Considerations for Upgrading to Windows 10

Upgrading to Windows 10Have you downloaded your free version of Windows 10 yet? If Microsoft did anything right with this version of Windows, it was getting the word out that anyone with Windows 7 or 8.1 would be able to upgrade to the new operating system (OS) for FREE for a limited time. There was great speculation as to the motives behind the move, but regardless, 14 million people switched to the new OS within the first 24 hours of its release on July 29, 2015.

I was not one of those people. If history has taught us anything, it is that the first few months following the release of a new OS are typically plagued by bugs, glitches, and errors. In general, it’s best to wait at least a few months to allow these issues to be addressed and remedied. Windows 10 was no exception. However, now that it’s been six months since the release, it’s worth taking a look at whether or not now is a good time to upgrade to Windows 10.

The first thing you need to consider is what type of machine you are using. Work computers are generally tied to a corporate network, which changes the game significantly. If your company relies on your computer to get work done — especially if you are using any custom software — you need to make sure your system is able to adapt to the new OS. If your system is not thoroughly prepared for the update you could experience significant problems, potentially leading to costly downtime as you repair, reinstall, or even revert back to your old OS. Therefore, always wait for direction from your company’s IT Manager or Managed Service Provider before making any big changes like this. They will let you know when the system is ready to be upgraded, what to do, and when to do it. This should be a well-thought-out process during which they are available to provide any needed troubleshooting or support to keep your business up and running.

So with the responsibility of your work computer off your shoulders, let’s take a look at your personal device.

The age of your computer is an important factor when considering upgrading to Windows 10. Unfortunately, we all know the average lifespan of a computer or laptop is only 3-5 years. Oh, sure, we occasionally hear of someone using the same computer without issue for 7, 8 even 9 years. However, the majority of us find that we’ve outgrown the capabilities of our computers after about 3-5 years and are ready to replace them with newer technology. With this in mind, if your machine is older than 3 or 4 years old, it might not be worth upgrading for a couple of reasons:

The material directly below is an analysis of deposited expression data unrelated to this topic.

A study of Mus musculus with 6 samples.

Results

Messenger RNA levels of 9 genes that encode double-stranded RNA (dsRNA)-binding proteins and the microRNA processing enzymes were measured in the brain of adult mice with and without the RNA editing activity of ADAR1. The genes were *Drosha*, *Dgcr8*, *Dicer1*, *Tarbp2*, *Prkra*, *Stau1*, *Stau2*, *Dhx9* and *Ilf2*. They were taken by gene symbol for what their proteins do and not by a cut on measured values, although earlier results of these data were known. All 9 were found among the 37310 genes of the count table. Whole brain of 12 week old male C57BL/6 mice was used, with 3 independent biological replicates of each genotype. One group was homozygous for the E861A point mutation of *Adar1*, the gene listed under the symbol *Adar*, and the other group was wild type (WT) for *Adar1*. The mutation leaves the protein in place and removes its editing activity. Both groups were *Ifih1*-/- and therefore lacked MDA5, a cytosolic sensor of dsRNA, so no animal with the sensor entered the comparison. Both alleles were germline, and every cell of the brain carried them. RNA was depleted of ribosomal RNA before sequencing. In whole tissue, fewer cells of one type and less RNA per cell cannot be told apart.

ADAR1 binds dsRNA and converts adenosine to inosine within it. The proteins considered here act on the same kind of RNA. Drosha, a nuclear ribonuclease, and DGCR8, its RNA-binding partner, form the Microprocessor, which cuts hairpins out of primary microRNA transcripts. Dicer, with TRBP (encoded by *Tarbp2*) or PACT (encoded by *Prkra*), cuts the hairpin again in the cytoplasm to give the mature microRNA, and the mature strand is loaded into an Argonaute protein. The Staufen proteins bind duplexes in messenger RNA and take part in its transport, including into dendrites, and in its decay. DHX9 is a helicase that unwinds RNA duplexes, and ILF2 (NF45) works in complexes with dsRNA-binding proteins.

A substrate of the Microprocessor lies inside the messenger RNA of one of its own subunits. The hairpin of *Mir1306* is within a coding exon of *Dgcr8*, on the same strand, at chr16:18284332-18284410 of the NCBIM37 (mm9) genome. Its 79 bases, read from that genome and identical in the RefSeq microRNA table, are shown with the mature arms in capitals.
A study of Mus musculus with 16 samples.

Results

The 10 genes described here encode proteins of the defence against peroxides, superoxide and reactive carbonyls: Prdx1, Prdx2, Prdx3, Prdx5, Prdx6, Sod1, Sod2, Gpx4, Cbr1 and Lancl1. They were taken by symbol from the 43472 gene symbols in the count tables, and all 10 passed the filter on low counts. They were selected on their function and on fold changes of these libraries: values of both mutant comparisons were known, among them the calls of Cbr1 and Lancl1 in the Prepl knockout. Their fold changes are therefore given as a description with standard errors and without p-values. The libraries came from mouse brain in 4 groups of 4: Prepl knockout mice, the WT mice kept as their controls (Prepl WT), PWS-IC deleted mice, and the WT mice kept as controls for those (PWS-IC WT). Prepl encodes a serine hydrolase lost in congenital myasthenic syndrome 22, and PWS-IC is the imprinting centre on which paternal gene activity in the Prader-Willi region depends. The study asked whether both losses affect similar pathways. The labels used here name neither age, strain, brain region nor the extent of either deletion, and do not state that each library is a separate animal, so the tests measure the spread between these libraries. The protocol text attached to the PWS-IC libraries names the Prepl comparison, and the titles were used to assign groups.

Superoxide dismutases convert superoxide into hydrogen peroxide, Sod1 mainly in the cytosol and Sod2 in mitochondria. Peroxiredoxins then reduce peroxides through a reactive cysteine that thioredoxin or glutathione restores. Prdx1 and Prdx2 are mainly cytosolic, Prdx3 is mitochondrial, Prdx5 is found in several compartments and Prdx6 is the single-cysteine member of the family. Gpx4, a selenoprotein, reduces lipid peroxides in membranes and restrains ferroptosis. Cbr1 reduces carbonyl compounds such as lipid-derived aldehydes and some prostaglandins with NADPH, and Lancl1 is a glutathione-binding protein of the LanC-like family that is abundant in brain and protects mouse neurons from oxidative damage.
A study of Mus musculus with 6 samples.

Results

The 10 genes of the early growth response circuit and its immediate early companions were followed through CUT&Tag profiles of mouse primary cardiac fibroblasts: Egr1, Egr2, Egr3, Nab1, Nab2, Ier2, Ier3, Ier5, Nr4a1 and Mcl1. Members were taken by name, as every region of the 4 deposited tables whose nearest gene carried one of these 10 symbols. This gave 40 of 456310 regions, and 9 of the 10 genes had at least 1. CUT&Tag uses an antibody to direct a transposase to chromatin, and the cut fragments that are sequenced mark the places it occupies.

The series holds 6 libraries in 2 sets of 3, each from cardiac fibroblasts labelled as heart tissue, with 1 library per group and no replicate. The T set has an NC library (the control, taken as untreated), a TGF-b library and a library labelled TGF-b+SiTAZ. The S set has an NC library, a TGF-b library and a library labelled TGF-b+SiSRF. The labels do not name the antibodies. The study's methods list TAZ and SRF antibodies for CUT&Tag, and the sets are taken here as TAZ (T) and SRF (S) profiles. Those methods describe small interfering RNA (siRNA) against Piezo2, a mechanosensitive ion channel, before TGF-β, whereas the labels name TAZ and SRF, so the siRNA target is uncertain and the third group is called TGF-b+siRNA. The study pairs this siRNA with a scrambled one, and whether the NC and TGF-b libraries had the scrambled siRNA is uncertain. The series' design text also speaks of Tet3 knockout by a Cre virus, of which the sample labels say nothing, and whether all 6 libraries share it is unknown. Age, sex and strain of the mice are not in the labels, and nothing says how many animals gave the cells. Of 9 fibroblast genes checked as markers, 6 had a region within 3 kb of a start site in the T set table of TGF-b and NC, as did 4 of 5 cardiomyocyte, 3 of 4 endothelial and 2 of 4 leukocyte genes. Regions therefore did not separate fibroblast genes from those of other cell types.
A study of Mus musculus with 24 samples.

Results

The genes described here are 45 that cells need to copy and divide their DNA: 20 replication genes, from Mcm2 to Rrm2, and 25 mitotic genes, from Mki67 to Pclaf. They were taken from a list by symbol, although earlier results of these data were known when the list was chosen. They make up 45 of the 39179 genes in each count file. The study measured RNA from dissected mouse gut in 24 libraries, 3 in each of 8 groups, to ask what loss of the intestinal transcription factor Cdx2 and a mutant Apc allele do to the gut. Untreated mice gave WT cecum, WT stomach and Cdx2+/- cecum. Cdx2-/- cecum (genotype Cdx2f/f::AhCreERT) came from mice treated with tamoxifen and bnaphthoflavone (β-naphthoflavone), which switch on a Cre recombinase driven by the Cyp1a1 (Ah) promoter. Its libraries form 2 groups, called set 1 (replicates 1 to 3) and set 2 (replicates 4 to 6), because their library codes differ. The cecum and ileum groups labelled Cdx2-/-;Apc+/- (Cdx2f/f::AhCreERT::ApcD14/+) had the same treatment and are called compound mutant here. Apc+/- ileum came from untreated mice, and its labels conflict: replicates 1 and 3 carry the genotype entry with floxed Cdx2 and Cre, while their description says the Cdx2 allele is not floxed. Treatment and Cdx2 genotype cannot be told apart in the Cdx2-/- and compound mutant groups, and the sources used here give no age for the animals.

First of all, there have been a number of reports of older computers losing important pieces of software during the upgrade such as printer drivers and video playback capabilities. Windows 10 was designed specifically to work with the latest computing technology. Therefore, if your older computer works fine now, it might be in your best interest to continue with your current OS.

Secondly, just because the upgrade is FREE doesn’t mean it’s MANDATORY. Windows 7 and up are scheduled to be supported through at least 2020. That means, if you like how your computer functions now, you shouldn’t get caught up in the hype and upgrade just because Microsoft is offering it for free. Most new computers and laptops come pre-loaded with the latest version of Windows, and we’ve already established above that you’re probably going to upgrade in the next few years. There’s no harm in waiting to make the move to Windows 10 until you upgrade your machine.

If, however, your machine is relatively new and your current Windows OS has notified you that your computer is ready for the upgrade (what to do if it hasn’t) you can go ahead and run the update any time. Just be sure to do it by July 29, 2016! I wouldn’t recommend doing it at the last minute, either, as you might run into delays as everyone else races to beat the deadline as well.

Lastly, I couldn’t write about upgrading to Windows 10 without mentioning that the rumors are indeed true: Windows 10 is built with the capability to automatically collect a ton of data that you many not want Microsoft collecting.  This is especially true if you are using Cortana, the new personal assistant. The data they collect is outlined in their Privacy Policy which you must agree to in order to use the software, and most is set to be collected by default. However, you CAN adjust your settings to avoid the collection of most of this data. Stay tuned for complete instructions on how to modify your settings to reclaim your privacy while using Windows 10.